This crisis will produce a new world
We have the right to be ignorant or refuse to acknowledge the coronavirus threat. We might be even determined not to accept that ourselves are vulnerable to this threat. Very much like those guys in the Black Sea province of Trabzon, we may ignore all isolation calls and continue playing rummikub, or the Turkish version “okey,” on minibuses. Or, as we have seen examples of it, we may hide somehow and escape from the police, gendarme or the municipal guards and continue moving around. But, no one is immune to death.
Perceiving the “Those over 65 years old should stay at home” decision of the government should not of course be understood as “Those below the age of 65 are safe.” In any case, we learned with bitter experiences that our corona buddy was in total disagreement with such a perception. On the contrary, while it became clear that the middle and beyond age groups whose immune systems are not as strong as those of the kids and young people, are the most affected groups, kids and young people who might have been infected but because of their immune system may have not been affected from the virus, serve as transmitters. Similarly, people with chronic illnesses such as diabetes, MS, suffering from kidney problems or respiratory and lung problems are more vulnerable. That is why the mobility of the kids and the young people must as well be restricted or their contact with such more vulnerable groups must be avoided as much as possible.
Stories from some countries that children were affected as well demonstrate that even at a lesser degree the virus might be a serious health risk even for those groups. This is one reason behind the “stay at home” calls for all age groups. For the success of the fight against this existential threat, transmission of the virus from person to person must be avoided. Therefore, staying at home, self-isolation is the only alternative to a national curfew or an emergency rule declaration that we all just came out of it and know rather well how bitter it is.
“I am walking alone” or “To who I may pose a threat if I fish alone or walk around in a park?” and such selfish and indeed ignorant attitudes endanger not only that person, but all his loved ones and everyone getting this way or the other in contact with them. The government has restricted children entering markets just because they might not be affected but might be contaminated and transmit the virus to the more vulnerable groups.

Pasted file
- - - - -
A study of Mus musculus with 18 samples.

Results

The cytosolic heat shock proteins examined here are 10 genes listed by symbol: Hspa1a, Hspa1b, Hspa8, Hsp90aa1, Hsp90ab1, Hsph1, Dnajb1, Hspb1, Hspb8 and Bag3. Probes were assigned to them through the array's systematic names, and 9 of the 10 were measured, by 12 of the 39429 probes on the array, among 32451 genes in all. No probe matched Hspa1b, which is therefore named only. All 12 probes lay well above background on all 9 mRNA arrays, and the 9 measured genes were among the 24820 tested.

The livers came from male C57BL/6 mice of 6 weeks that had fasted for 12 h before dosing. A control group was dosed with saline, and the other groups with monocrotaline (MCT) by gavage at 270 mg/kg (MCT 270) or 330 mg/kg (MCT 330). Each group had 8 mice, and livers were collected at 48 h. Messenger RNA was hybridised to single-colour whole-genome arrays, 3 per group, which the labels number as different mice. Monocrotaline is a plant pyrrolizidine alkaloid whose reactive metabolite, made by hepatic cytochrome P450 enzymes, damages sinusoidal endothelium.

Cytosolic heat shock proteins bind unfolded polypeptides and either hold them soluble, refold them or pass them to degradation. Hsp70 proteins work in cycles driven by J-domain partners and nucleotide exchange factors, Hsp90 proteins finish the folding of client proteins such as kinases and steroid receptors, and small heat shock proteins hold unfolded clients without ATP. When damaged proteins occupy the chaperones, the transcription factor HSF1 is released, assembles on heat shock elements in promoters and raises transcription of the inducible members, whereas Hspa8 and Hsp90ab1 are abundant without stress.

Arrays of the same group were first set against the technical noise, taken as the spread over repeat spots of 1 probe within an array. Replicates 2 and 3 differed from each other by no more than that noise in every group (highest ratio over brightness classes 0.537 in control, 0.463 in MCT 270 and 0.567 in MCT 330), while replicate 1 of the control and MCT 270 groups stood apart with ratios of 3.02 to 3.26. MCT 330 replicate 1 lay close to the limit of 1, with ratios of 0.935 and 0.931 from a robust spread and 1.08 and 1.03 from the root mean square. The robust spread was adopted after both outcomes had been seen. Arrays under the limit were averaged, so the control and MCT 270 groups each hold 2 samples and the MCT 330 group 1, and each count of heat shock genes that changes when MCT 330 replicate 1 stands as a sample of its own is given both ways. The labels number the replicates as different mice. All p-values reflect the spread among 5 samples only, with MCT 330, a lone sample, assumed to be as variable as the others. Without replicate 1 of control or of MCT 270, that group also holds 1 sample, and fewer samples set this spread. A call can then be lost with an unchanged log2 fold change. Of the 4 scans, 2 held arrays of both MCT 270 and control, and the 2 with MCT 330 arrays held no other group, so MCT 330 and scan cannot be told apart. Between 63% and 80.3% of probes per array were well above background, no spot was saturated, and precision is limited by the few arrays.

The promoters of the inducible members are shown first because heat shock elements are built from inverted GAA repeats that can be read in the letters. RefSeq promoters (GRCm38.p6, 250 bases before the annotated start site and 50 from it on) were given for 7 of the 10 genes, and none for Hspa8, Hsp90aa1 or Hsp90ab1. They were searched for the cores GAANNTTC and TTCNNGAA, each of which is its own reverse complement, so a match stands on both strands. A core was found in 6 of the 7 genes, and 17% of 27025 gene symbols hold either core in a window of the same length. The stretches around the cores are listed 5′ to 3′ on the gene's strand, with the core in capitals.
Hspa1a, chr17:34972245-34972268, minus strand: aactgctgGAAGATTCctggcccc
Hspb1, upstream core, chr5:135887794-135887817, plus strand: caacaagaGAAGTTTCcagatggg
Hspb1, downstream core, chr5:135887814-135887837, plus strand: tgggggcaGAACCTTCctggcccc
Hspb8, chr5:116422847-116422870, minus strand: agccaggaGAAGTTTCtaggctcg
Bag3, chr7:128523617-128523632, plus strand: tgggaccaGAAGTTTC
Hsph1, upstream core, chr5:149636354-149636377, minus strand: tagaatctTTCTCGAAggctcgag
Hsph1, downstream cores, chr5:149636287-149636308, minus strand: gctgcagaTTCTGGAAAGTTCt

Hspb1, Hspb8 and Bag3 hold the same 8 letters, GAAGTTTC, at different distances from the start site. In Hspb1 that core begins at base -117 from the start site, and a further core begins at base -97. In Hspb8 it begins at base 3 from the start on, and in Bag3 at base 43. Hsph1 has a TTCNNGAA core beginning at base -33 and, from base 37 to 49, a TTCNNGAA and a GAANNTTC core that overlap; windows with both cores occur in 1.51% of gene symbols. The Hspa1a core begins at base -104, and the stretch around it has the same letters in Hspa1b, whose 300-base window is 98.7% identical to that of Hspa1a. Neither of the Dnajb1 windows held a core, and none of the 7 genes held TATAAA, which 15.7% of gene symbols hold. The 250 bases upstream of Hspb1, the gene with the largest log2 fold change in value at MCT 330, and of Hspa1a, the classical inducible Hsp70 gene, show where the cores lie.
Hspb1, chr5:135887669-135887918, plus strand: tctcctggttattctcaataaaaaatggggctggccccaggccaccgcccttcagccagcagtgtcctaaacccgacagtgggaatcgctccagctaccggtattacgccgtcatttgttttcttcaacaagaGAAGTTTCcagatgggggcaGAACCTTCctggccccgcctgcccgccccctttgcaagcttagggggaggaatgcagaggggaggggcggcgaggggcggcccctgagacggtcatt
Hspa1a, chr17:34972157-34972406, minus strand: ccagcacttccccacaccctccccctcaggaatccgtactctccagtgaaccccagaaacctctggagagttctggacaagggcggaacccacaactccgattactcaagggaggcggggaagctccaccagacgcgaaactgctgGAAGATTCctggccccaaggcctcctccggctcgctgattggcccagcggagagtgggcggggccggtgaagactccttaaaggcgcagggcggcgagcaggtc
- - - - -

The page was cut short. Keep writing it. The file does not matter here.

This crisis will produce a new Turkey. We have to change. Turkish people are sincere and hot-blooded people. The ritual of greeting includes not only handshaking. But also exchanging kisses on the cheeks or if one is elderly, kissing her/his hand. Now, we have to learn to greet each other in some other forms, attach more importance to individuals as well as social hygiene.
It may last just few months or may continue devastating our lives well over a year depending how effectively we will be dealing with this existential threat. Coronavirus or COVID-19 is not the first pandemic the world has suffered. It probably will not be the last. What previous pandemics did? They changed the world. Now, the world will change again, not just Turkey.
I wrote recently how strongly Italians were dismayed with the failure of the institutions of the EU and EU states in helping out Italy to fight this pandemic. Now Spain is heralding similar complaints. The EU has failed in this crisis. China was quite effective, but now there are fears of a second wave. The United States was rather ignorant of the threat. It was the “most powerful country of the world would not be prey to such a tiny problem” was what President Donald Trump probably believed. Now the U.S. has become the new epicenter of the global existential threat.
Which governments survive, what new policies evolve, what new economic, political models might be considered tomorrow or what will happen to the EU we cannot foretell from today, but tomorrow will not be at all like yesterday and definitely a new world is in the making.